Winnemucca to the Sea Road Trip

Find Basque eats, big wildlife, sweet lakes, and tall trees on a dream highway from Nevada to the coast.

Highway 140 near Sheldon National Wildlife Refuge, Nev., image

Highway 140 winds down west of Nevada’s Sheldon National Wildlife Refuge.

Canoeing family on Wood River, near Klamath Lake, Ore., image

Wood River, near Klamath Lake, Ore., beckons to a canoeing family.

Giant fallen tree in Jedediah Smith Redwoods State Park, Calif., image

Even ancient redwoods succumb to natural forces: A storm felled this giant in California's Jedediah Smith Redwoods State Park.

In the 1950s, ranchers in harsh northern Nevada imagined a straight-shot drive to the California redwoods, where trees soared to the clouds and the ocean mist cooled the air. But the route hadn’t been fully paved.

Hopeful minds went to work, and many handshakes later the Winnemucca to the Sea Highway was born. The 494-mile-long ribbon of blacktop never gained the acclaim its boosters imagined, but today, on two-lane roads, the route links a handful of colorful towns in Nevada’s Great Basin to the wineries and mountain resorts of Oregon and the rugged California coast. The trip can take a couple of days—or a couple of weeks.

The highway begins at a bend in the Humboldt River, where the town of Winnemucca, Nev., has bloomed on the site of an early wagon train camp. A hundred years ago, Basque sheepherders migrated here to work in the nearby hills. In wintertime they took lodging at the 1898 Martin Hotel, gathering in the big dining room for meals. Today the menu remains the same, from starters of rich soup and tangy salad to plates of sweetbreads, lamb, and rib eye—all washed down with carafes of simple wine.

The road’s longest segment came to be labeled Highway 140, and that’s where, north of Winnemucca, you turn west from U.S. 95, and the hum of traffic fades as you cruise into the Quinn River Valley and its framing mountain vistas. It is land suitable for Zane Grey or the Lone Ranger—vast and silent beneath eggshell skies.

As you cross into Oregon, the Denio Junction appears in a cottonwood oasis. Stop for a burger and fries; it will be some time before you see a restaurant again. Soon the road enters the Sheldon National Wildlife Refuge and climbs a rise near a deep crack in the earth called Thousand Creek Gorge. Hike to the rim, and you can stomach-crawl on sun-warmed rock to peer down at the sinuous creek.

Nearby lie the Dufurrena Ponds, where sandhill cranes and other migrating birds feed and anglers catch largemouth bass. Rocks near here yield fire opals; at the Royal Peacock mine, May 15 through fall, you can dig for your own sparkling cache.

“Sage-brush is very fair fuel,” wrote Mark Twain in his memorable chronicle Roughing It, “but as a vegetable it is a distinguished failure.” The pronghorn antelope of Sheldon Refuge would disagree. They find plenty of sagebrush to eat on the 900-square-mile spread. From a distance, the tawny ungulates resemble white-tailed deer—until they run. Springing across the plains on slender legs, they can sprint 40 miles per hour.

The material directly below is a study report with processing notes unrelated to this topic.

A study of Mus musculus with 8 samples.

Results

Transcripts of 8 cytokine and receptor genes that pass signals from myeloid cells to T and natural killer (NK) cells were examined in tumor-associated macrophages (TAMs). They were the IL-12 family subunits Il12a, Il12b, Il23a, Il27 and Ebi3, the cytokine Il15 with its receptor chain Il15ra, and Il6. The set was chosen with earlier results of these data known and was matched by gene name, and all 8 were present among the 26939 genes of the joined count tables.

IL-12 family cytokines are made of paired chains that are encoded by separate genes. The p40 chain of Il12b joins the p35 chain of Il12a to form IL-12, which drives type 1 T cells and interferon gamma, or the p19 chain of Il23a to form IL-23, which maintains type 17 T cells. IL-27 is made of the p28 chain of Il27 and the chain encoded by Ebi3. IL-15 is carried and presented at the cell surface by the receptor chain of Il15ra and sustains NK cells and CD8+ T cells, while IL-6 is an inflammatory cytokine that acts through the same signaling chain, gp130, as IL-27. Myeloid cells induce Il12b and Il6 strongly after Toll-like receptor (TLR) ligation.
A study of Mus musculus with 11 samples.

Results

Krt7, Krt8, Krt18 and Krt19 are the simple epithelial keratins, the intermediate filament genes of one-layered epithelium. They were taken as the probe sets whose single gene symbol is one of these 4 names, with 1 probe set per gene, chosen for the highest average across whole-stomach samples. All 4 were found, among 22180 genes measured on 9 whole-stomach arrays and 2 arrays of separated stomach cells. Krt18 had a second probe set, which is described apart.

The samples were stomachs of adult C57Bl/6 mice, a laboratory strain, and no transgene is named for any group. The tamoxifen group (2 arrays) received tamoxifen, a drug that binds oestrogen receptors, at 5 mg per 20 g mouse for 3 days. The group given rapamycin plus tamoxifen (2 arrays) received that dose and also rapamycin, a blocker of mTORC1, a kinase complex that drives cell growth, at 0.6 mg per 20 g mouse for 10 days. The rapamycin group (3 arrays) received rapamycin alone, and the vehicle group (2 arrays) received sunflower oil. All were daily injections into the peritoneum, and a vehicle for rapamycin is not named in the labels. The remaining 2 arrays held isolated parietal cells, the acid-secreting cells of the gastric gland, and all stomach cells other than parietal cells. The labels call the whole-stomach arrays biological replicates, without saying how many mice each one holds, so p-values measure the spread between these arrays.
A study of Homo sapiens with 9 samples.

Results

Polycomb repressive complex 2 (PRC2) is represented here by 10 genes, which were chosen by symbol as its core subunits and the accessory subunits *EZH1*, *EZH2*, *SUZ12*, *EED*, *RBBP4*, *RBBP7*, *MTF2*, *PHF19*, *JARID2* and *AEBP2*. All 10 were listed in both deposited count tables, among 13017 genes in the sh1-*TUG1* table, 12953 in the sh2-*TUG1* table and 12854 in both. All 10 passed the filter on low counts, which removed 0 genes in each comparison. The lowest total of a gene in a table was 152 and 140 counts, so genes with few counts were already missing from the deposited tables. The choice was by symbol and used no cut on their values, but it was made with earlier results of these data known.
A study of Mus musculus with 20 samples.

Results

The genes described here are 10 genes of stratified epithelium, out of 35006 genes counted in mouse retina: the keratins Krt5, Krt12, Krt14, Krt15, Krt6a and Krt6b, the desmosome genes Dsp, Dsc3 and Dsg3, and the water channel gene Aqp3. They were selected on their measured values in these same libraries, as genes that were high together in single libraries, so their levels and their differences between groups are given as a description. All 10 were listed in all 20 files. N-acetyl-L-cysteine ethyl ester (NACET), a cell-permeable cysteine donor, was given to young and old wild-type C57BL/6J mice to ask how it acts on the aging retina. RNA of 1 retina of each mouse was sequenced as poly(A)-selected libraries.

Pronghorn share the terrain with wild mustangs, burros, and bighorn sheep, whose hoof marks pock the site’s side roads. Lucky travelers might spot a herd of big-horn scrambling across the highway near Adel, Ore., east of Lakeview.

Adel is even smaller than Denio, but its combined store, saloon, and café is large in atmosphere. Duck inside to see vintage saddles dangling like chandeliers and to get a close look at taxidermy mounts of animals that roam the region. Farther into Oregon, big animals give way to big mountains. West of pretty Upper Klamath Lake, the volcanic summit of Mount McLoughlin looms over the southern Cascade Range. Here you can disappear among fir trees on the 9.3 mile High Lakes Trail, wide enough to accommodate wheelchairs. Both the High Lakes Trail and the highway pass rustic Lake of the Woods. Come the warm months, you can rent a canoe or kayak—or a cabin.

Farther west, the road drops into the Rogue River Valley, where the city of Medford anchors a landscape of rolling hills and tabletop bluffs. Stop by the Rogue Creamery and the fruit store Harry & David, or sip luscious syrah and claret at the locals’ hot spot, RoxyAnn Winery, set inside Hillcrest Orchard.

As the Winnemucca highway joins Interstate 5 it climbs into Grants Pass, a home base for kayak trips on the Rogue River or visits to the Glass Forge, where artists craft whimsical vases.

When the route veers onto Highway 199, you’re nearing redwood heaven. But don’t hurry on. Detour at Cave Junction to Oregon Caves National Monument. While prowling the twisting tunnels, you’ll encounter a minuscule life-form—the white springtail. In a feat as marvelous as the pronghorn’s sprint, the insect catapults itself many times its body length by vaulting off its tiny, folded tail.

In Gasquet, Calif., grab a strawberry milk shake at She-She’s Cafe, then head west into the muscular beauty of the sky-bound conifers in Jedediah Smith Redwoods State Park. Stout Memorial Grove—a 40-acre cathedral of furrowed trunks and waist-high ferns—towers over the meandering Smith River.

It’s just a few miles to Crescent City, where the Pacific unrolls its silvery waves onto amber sand. But the journey’s not over until you’ve had a good meal. At the unpretentious Seascape Restaurant in Trinidad, an easy hour down the coast, you’ll find that the plate of Winnemucca lamb is rivaled by heaps of sautéed scallops, oysters, and shrimp—a mouthwatering gift from the sea.

For information about various stops along the route, go to Winnemuccca to the Sea Highlights.

Photography by David H. Collier

This article was first published in March 2014. Some facts may have aged gracelessly. Please call ahead to verify information.